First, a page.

HOW IT WORKS
HFCL consists of a collection of related, but independent, web sites. Each site has content suited to a particular intellectual purpose, and the sites are linked to provide easy navigation from one set of information to another.
Note: Instead of using browser "frames," HFCL makes extensive use of browser "windows." This may seem disconcerting at first, but it turns out to be a very effective way of presenting chunks of related, but independently categorized information. If you are looking at a window that you no longer want to see, you can make it disappear by choosing "CLOSE" from the browser menu or by clicking in the window's "close" box.
The tutorials site provides the online equivalent of an introductory communication textbook. The tutorials can be read from beginning to end (as might be done with a paper text), or they can be read as hypertext.
A number of different kinds of links are available from within the tutorials. Some take you to other sections of HFCL -- as, for example, a link on a person's name after a quotation will take you to the Citations section. Some provide "footnote" information. Some provide examples or illustrations of the topic under discussion. Of particular interest are the "question" links, shown by this icon:.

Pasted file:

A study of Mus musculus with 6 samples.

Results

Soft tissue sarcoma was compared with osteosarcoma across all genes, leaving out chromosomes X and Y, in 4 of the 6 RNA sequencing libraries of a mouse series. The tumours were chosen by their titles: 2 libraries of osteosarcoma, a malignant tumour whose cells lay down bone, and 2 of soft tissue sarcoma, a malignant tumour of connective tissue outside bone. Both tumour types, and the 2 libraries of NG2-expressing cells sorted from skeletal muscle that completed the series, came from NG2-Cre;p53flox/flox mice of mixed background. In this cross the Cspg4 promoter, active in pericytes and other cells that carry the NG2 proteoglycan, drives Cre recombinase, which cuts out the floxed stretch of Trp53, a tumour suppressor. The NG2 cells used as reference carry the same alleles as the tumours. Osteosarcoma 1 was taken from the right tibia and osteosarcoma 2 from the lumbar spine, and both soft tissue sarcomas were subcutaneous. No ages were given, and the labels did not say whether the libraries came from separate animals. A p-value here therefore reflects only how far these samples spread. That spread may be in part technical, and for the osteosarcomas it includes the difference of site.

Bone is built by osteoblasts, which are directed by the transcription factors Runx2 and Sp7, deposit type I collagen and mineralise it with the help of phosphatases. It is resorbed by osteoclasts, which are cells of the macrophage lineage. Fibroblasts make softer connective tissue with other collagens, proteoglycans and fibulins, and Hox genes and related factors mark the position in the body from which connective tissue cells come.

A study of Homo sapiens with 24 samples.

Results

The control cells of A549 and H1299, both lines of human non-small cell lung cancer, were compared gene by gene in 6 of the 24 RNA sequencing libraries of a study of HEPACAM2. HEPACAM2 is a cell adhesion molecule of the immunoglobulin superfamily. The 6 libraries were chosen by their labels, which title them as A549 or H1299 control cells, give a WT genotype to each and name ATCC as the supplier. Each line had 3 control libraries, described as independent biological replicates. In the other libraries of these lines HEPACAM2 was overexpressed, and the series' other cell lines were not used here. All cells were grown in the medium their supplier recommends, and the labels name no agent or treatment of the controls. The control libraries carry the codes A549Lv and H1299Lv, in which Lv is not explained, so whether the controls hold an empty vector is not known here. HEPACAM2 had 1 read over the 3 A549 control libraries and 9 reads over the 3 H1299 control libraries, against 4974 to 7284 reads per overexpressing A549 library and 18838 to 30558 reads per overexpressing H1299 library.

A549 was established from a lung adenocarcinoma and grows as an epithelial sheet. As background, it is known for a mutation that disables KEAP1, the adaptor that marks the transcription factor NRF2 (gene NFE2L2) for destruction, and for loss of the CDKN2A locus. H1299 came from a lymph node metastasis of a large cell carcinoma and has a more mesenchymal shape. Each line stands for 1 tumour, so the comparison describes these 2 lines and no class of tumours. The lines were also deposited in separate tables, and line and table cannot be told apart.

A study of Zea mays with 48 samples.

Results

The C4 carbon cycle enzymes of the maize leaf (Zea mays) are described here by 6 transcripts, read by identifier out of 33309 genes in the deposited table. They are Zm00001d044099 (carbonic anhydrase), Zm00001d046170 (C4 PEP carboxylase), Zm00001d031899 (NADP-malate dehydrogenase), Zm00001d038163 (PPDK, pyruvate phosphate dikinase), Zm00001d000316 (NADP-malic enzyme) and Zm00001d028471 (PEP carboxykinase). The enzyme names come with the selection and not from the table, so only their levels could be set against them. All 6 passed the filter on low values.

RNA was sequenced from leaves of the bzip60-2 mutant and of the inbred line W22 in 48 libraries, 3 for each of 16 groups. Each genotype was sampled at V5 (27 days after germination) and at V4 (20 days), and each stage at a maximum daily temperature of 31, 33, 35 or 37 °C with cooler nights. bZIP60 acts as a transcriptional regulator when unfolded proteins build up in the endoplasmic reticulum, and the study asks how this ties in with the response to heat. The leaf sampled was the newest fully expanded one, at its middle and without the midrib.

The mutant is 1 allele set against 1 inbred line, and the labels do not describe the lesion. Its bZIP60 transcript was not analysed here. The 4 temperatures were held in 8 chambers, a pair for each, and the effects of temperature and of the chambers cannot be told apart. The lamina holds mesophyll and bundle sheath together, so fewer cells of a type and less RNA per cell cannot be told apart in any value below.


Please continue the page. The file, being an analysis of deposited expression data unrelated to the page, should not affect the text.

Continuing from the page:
The questions site provides a collection of "essay" questions such as might be found at the ends of chapters in a print textbook. Most of the questions are linked to sections of the tutorials that present information relevant to their answers. Readers may begin in a tutorial and click on a question link, or they may begin in the questions and click on the question's number to be taken to one of the tutorials.
The citations site provides bibliographic information for quotations and other references from within HFCL. It would be nice if we could link from a citation to the actual text of the work, but most are not yet available online.
While the tutorials are intended to provide a brief introduction to the study communication, the focus site provides a collection of detailed essays, articles and multimedia presentations. Some of the focus segments can be reached from within the tutorials, but all of them can be reached from the glossary site.
The adoption of this "focus" method of presenting new information solves a thorny problem common to web site design. Although they contain hypertext links, the tutorials are written in a linear "textual" fashion. Because of this, an ongoing expansion and updating of the tutorials would represent a major piece of work. Instead of attempting this, the tutorials will grow very slowly, and HFCL will expand primarily by means of the addition of new focus segments.
The glossary site serves as an index for HFCL and as a dictionary of communication terminology. This site will expand as terms are added and definitions are updated. The glossary home page has a link to a search engine which may or may not be working at the moment. Someday we hope to upgrade our software and make searching a permanent feature of HFCL.
The HFCL directory provides an easy way to switch among the various sites. The directory page can be sized as the reader desires and placed near the edge of the screen for easy access. Clicking on one of the directory page's site buttons will open the home page for that site in a new window.